It’s true. Rising demand and reduced truck driver capacity in the system is causing many shippers to scramble for alternative ways to transport their products. In many cases, supply chain managers are tightening their relationships with the best quality, most reliable carriers to ensure they avoid disruptions in their supply chain.
As the U.S. economy continues to expand since the 2008 financial crisis, supply chain managers in nearly every industry are seeking better, lower cost ways to source raw materials and transport finished goods to their customers.
In light of the growth of overall demand and the reduced availability of qualified truck drivers, intermodal transport using rail and other transport strategies to complement truck freight has become necessary.
Why a Driver Shortage?
Today U.S. companies are faced with an actual reduction in driver availability. Industry estimates place the driver shortage at 50,000.
The principal reasons for this shortage are threefold:
- Increased tonnage due to growth in business
- Not enough new drivers to replace retirees
- The implementation of ELDs, Electronic Logging Devices, that monitor truck operations to prevent unethical truckers from operating beyond the hourly limits for safe driving.
While the implementation of ELDs may seem inconsequential, the reduction in over-the-road capacity for existing drivers is thought to be as much between 3% and 7%.
Reputable, long-standing trucking companies have not experienced the loss of driver time due to extending the driver time limits, yet still must adapt to the increased volume and driver recruiting demands.
Freight Tonnage Index is Rising
Since the recession of 2008-2009 until early 2018, the national for-hire freight volume has increased by 34.5%, according to the Bureau of Transportation Statistics. In light of reduced truck driver numbers and increases in demand, shippers and supply chain managers are turning to intermodal strategies that incorporate both truck and rail shipments. Rail shipments alone have increased by 10% in the past year.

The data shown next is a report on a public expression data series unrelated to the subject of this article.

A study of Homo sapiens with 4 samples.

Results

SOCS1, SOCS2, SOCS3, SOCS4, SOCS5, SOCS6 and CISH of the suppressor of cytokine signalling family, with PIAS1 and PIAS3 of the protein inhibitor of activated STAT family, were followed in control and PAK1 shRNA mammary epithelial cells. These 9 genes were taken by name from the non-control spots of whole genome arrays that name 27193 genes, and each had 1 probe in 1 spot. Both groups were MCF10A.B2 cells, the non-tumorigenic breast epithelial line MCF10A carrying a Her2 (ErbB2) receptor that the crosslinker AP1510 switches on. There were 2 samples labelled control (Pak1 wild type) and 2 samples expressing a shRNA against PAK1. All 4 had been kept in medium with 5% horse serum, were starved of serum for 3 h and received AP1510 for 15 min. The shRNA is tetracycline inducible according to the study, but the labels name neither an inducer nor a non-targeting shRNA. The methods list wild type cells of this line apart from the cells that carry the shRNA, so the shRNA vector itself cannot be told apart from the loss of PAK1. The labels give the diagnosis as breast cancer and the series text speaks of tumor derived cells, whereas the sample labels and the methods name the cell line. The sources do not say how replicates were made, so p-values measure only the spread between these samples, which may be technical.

Reduced Truck Driver Availability
In the past, mainly when fuel costs were low, truck freight has been the optimal mode of point-to-point freight transport. Calling a freight hauler for a particular load was simple and usually more timely than relying on other modes of transportation.
Because of increasing demand, shippers are finding timely and cost-effective truck transport to be more difficult to obtain.
What may have taken, say, three days to transport goods to a distant customer now may require six days with the additional time spent waiting for an available driver and truck.
Unfortunately, the shortage can lead to selecting less-capable truckers who may overcharge for their service believing you are desperate or do not live up to their commitments.
The best way to avoid last minute scrambling and enjoy the peace of mind of working with a first-class third-party logistics company is to find a one that can demonstrate:
- Long-standing customer base
- Exemplary levels of customer satisfaction
- Excellent safety record
- State of the art technology and equipment
- Customer-oriented philosophy
- Recognition and affiliations with top global companies
- Over a one-half century of experience
For over 60 years, BR Williams Trucking provided top-quality logistics services to many of the world’s most important companies. As a premium 3PL with extensive trucking, intermodal, and logistics capability, BR Williams meets challenges that single dimensional haulers and trucking companies cannot.
About BR Williams:
With humble beginnings back in 1958, BR Williams has grown into an award-winning supply chain management company servicing all 48 contiguous states and Canada. With facilities in Mobile AL; Piedmont, AL; Tallahassee, FL; Anniston, AL (two facilities); Eastaboga, AL; and Oxford, AL, B.R. Williams’ distribution network supports over 50 customers and another 2,550 in the Trucking and Logistics divisions. Industries served include the following: automotive, defense, home improvement, education, food raw materials, textiles, chemical, industrial packaging, metals (finished goods), highway safety and more.